The embattled Health Services Union has vowed to press on with the search for its missing millions squandered by former union boss Michael Williamson.
As the HSU prepares to face the royal commission on union corruption, its state council was told on Monday that the union had staunched the flood of members leaving the union as a result of the scandals involving its officials, notably Mr Williamson and former Labor MP and national secretary Craig Thomson.
At the height of the revelations in 2012, the union lost 5000 members, but in the last 12 months had recruited 1400 new members, state secretary Gerard Hayes told the meeting.
The union, which represents health workers from hospital cleaners to ambulance drivers, has repaired its balance sheet by cutting officials' salaries, unwinding inflated contracts, and slashing printing costs. It has emerged from administration and is now running a small surplus and has net assets of $8 million.
''This union has already had the Temby review [commissioned by the union], an administrator and a very major police investigation,'' Mr Hayes said. ''We will engage with the royal commission. I would just make the point that the Downing Centre is full of wrongdoers but there is no royal commission into their activities.''
Among the legal avenues being explored by the HSU to recover funds is a civil claim for funds from the sale of a Fijian island, owned by Alf Downing, whose company, Access Focus, supplied merchandising to the union.
The Temby report found Mr Downing always dealt with Cheryl McMillan, the union's former procurement manager and reportedly Williamson's long-term mistress, and prices were inflated by 20 to 25 per cent over a five-year period. Ms McMillan's lawyer, Simon Konstantinidis, did not return calls, and Mr Downing could not be reached.
HSU lawyers want to recover $2.4 million from Mr Downing and also from Ms McMillan, although she has no known assets after selling her share in a Sydney house to her daughter in 2012.
A judgment for $5 million has been obtained against Mr Williamson but he has declared bankruptcy. The union is seeking a public examination of his family's assets to see if any funds can be clawed back beyond the $1.7 million agreed as part of his criminal plea bargain.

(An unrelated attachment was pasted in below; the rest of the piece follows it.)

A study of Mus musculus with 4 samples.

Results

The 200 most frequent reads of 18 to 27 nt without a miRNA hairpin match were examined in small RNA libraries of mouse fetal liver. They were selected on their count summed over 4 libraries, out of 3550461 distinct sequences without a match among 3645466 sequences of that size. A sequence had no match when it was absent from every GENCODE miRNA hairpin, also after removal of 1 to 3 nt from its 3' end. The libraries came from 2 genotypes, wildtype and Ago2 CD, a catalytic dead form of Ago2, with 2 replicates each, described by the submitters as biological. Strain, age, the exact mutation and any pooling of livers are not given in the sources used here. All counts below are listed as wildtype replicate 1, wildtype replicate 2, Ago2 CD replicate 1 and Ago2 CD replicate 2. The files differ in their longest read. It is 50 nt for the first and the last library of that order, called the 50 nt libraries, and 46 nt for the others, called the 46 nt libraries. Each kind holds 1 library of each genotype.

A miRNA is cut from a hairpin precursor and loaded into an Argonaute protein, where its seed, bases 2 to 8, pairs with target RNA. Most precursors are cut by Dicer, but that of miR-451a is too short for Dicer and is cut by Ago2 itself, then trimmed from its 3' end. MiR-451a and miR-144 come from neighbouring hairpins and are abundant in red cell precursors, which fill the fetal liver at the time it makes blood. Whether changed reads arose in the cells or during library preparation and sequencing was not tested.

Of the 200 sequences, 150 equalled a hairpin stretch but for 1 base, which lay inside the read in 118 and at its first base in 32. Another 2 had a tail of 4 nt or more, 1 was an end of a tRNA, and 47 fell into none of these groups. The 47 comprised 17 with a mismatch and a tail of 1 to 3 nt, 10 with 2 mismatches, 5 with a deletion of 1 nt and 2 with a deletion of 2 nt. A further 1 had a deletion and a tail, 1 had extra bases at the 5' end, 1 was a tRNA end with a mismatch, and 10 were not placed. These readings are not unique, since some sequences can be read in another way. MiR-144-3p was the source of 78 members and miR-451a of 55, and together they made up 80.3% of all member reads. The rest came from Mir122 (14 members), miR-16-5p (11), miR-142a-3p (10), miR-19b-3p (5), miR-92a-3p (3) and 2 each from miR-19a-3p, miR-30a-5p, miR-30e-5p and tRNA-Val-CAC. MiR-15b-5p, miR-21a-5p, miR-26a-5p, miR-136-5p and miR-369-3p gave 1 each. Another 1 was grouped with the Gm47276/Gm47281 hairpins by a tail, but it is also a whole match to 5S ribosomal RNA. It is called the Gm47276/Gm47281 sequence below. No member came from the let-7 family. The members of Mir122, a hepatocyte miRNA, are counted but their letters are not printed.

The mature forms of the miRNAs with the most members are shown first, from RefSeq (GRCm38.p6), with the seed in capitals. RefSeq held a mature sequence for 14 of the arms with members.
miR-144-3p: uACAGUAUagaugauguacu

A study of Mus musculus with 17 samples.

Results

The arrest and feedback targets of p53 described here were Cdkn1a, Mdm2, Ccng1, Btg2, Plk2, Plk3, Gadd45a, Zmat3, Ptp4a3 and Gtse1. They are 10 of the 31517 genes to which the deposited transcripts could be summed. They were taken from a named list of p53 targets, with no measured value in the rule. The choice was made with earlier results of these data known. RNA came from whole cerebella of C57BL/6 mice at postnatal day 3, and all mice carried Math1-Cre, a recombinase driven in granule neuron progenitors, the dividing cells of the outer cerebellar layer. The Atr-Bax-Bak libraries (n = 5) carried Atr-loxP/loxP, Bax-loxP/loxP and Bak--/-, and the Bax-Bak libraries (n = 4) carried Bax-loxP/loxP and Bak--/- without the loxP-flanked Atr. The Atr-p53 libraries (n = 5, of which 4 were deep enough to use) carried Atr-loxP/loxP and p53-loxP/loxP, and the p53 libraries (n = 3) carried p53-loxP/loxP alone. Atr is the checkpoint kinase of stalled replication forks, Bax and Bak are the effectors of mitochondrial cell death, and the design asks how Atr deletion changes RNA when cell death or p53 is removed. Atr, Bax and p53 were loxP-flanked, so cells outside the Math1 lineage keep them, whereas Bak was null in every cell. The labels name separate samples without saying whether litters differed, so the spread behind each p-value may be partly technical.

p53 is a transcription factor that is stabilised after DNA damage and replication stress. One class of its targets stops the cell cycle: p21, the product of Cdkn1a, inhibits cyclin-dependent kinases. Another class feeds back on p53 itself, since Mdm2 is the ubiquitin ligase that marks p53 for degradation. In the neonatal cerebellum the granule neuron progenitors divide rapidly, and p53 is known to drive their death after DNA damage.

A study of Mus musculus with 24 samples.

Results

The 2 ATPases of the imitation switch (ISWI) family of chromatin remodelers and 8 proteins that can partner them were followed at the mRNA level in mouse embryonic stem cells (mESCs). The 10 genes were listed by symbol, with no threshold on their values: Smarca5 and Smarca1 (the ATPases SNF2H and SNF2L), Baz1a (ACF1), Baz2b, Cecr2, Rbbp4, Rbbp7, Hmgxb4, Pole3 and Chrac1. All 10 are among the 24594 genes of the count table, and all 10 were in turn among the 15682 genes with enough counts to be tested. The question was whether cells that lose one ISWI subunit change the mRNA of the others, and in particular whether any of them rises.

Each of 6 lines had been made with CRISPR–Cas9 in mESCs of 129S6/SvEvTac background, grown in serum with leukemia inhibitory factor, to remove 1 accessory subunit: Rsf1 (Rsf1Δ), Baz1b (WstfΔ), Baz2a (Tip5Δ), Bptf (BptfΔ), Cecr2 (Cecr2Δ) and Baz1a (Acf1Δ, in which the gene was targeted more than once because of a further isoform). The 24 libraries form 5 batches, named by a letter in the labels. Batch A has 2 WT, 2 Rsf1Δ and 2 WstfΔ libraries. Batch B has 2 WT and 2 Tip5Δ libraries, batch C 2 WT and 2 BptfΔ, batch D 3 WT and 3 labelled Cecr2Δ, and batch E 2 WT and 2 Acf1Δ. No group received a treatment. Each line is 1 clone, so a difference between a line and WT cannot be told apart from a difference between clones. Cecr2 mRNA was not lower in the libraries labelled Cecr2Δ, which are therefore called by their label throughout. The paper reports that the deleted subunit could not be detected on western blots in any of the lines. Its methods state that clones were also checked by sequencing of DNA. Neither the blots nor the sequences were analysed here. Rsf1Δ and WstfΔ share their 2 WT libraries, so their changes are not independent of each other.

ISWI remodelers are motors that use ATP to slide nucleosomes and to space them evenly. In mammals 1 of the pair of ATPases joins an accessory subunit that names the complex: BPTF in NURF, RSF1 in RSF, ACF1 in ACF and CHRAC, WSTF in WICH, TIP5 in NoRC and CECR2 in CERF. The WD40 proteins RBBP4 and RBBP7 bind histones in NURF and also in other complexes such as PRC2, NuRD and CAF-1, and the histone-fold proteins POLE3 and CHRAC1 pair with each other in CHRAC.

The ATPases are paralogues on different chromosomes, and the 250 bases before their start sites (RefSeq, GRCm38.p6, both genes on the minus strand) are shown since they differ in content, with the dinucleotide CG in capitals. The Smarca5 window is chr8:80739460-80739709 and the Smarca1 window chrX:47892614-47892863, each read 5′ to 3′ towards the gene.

Viwa island, in the Yasawa group, has 11 ''luxury'' bures. It is being marketed by the Professionals West Realty in Fiji, and the asking price is $F3.6 million ($2.1 million).
The union is also suing Peter Mylan, who stepped in to run the union after Mr Williamson stepped down. In another civil claim, it alleges Mr Mylan negligently approved a contract for IT services with a company, United Edge, in which Mr Williamson was a shareholder. The union has negotiated a new contract with an IT supplier which is $500,000 a year cheaper. The union alleges that the contract with United Edge was inflated and is seeking up to $2 million from Mr Mylan.
The Temby report said of Mr Mylan: ''It is difficult to the point of practical impossibility for Mylan or anybody else to deal with United Edge, unaffected by their knowledge of Mr Williamson's close connections with the company.'' Mr Mylan did not return calls.
A third civil case has begun against remuneration adviser Beth Jensen. It is argued she was negligent in the preparation of a remuneration report which was used to justify big salary increases for Mr Williamson and other elected officials in 2010 and early 2011.
The union says the report used state government executive service salaries, which include superannuation, as a comparator. It alleges she failed to take account of other benefits and additional fees union officials were paid. Raey McGuinness, the solicitor representing Ms Jensen, said the action would ''be defended and defended vigorously''.